Lifting of glyphosate ban for tea plantations : CTTA hopeful of revival of tea industry | Sunday Observer

Lifting of glyphosate ban for tea plantations : CTTA hopeful of revival of tea industry

The Colombo Tea Traders’ Association (CTTA) is hopeful that the tea industry woes will end with the government’s decision last week to lift the ban on import of glyphosate for the tea and rubber industries.

Releasing a statement on Friday, the Association said, “We are indeed happy that this disaster which was inflicted on the tea industry that created financial, commercial and reputational losses has come to an end.”

The statement in full:

“Following positive discussions between the President and the Chairmen of the Sri Lanka Tea Board and the Colombo Tea Traders’ Association, facilitated through the good offices of Asanka Dodanwela, Private Secretary to the Minister of Defence and the President’s Office, earlier this week, a favourable decision was reached in regard to the lifting of the ban on the herbicide, Glyphosate, exclusively for the use by the Plantation Sector, under strict regulation of the Sri Lanka Tea Board and the Tea Research Institute.

The Colombo Tea Traders’ Association, the apex body of the country’s tea industry, and all the industry stakeholders are deeply indebted to the President, for his keen perception and sound judgment, and to the Minister of Plantation Industries, for his unrelenting efforts and dynamic endeavours, in achieving a successful resolution to this long-outstanding issue.

The Colombo Tea Traders’ Association and the entire Tea Industry convey their sincere gratitude to the President and the Minister of Plantation Industries, for the vital roles they played in rescinding the ban on Glyphosate imposed in 2015, which had created a serious crisis vis-à-vis the Japanese market, with imminent consequences of a total suspension of imports of Ceylon Tea to that country.

If this had transpired, it was inevitable that other countries which favour Ceylon Tea above all other producer nations would also have introduced regulatory measures, with catastrophic consequences.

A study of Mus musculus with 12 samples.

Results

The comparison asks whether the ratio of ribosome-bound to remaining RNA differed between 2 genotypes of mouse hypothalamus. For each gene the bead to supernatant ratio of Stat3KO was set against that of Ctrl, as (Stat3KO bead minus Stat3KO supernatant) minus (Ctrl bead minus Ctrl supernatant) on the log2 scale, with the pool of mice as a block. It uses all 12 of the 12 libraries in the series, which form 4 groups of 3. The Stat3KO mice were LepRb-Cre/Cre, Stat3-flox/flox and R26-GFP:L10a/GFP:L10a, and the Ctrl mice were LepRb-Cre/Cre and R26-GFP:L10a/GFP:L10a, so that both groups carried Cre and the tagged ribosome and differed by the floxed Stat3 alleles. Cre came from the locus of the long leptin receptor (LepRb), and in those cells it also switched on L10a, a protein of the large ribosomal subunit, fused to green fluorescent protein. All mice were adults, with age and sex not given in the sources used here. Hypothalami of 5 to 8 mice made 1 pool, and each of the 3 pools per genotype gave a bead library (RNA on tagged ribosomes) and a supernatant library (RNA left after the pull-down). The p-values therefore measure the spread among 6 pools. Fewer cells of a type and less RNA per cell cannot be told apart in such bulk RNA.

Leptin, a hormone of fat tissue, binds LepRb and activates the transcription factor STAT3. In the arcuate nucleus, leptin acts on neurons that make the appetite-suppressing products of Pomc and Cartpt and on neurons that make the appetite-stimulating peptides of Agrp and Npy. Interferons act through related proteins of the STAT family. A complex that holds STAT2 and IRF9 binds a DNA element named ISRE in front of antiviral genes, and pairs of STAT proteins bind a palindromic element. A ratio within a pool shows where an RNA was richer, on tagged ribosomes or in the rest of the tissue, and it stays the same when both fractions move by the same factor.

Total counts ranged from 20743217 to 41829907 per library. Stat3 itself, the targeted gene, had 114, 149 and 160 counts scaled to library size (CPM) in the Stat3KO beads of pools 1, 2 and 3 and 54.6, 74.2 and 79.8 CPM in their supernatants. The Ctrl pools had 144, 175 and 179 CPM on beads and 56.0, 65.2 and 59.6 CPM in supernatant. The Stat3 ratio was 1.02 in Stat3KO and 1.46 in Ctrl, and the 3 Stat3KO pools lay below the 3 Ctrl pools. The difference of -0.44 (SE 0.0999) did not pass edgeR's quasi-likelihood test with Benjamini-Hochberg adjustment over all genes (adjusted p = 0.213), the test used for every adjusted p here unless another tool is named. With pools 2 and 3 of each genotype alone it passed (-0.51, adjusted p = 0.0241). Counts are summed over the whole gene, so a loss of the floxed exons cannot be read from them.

Of Japan’s total tea imports of 29 million kgs per annum for its domestic consumption, 8 to 10 million kgs comprised primarily the best quality premium grades of Ceylon Tea, at a value of US$. 45 to 50 million.

The diminished competition caused by Japan’s absence of participation at the Colombo Tea Auction would have adversely affected the prices realized on approximately 50 million kgs of tea offered through the auction, to an estimated extent of Rs.150 to 200 per kg, which would have accounted for an exponential loss of about US$. 50 to 65 million.

This would have seriously impacted the tea plantations, the small holders and over two million workers, directly and indirectly dependent for their livelihood on the tea industry, exacerbating the detriment to which the tea industry had already been subjected over the preceding three years.

The judicious application of Glyphosate on tea plantations, which had stood the test of time over a period in excess of 40 years without any inimical effect, was inexplicably halted by the ban of its use in 2015. Since there were no perfectly suitable alternatives to replace it, the Tea Industry was compelled to apply other available herbicides, weedicides and chemicals to control the proliferation of weeds in plantations, which was significantly affecting yields.

The drop in production cost the tea industry a loss of Rs.26 billion each year. Furthermore, since the maximum residue levels (MRLs) for these particular chemicals imposed by Japan on imports of tea were too low to accommodate adherence, Japan had already commenced rejecting substantial volumes of tea consignments from Sri Lanka for non-compliance with the prescribed MRLs which can otherwise only be achieved by using the world’s most accepted herbicide in the international agricultural world.

Sri Lanka’s competitors among all other producer countries were placed at a distinct advantage through the continued use of Glyphosate on their tea plantations as a weed eradicator. Consequently, in substitution, a large percentage of purchases of Tea usually procured from Sri Lanka were being obtained from other origins, adding to the already considerable losses being incurred by the tea industry and the country.”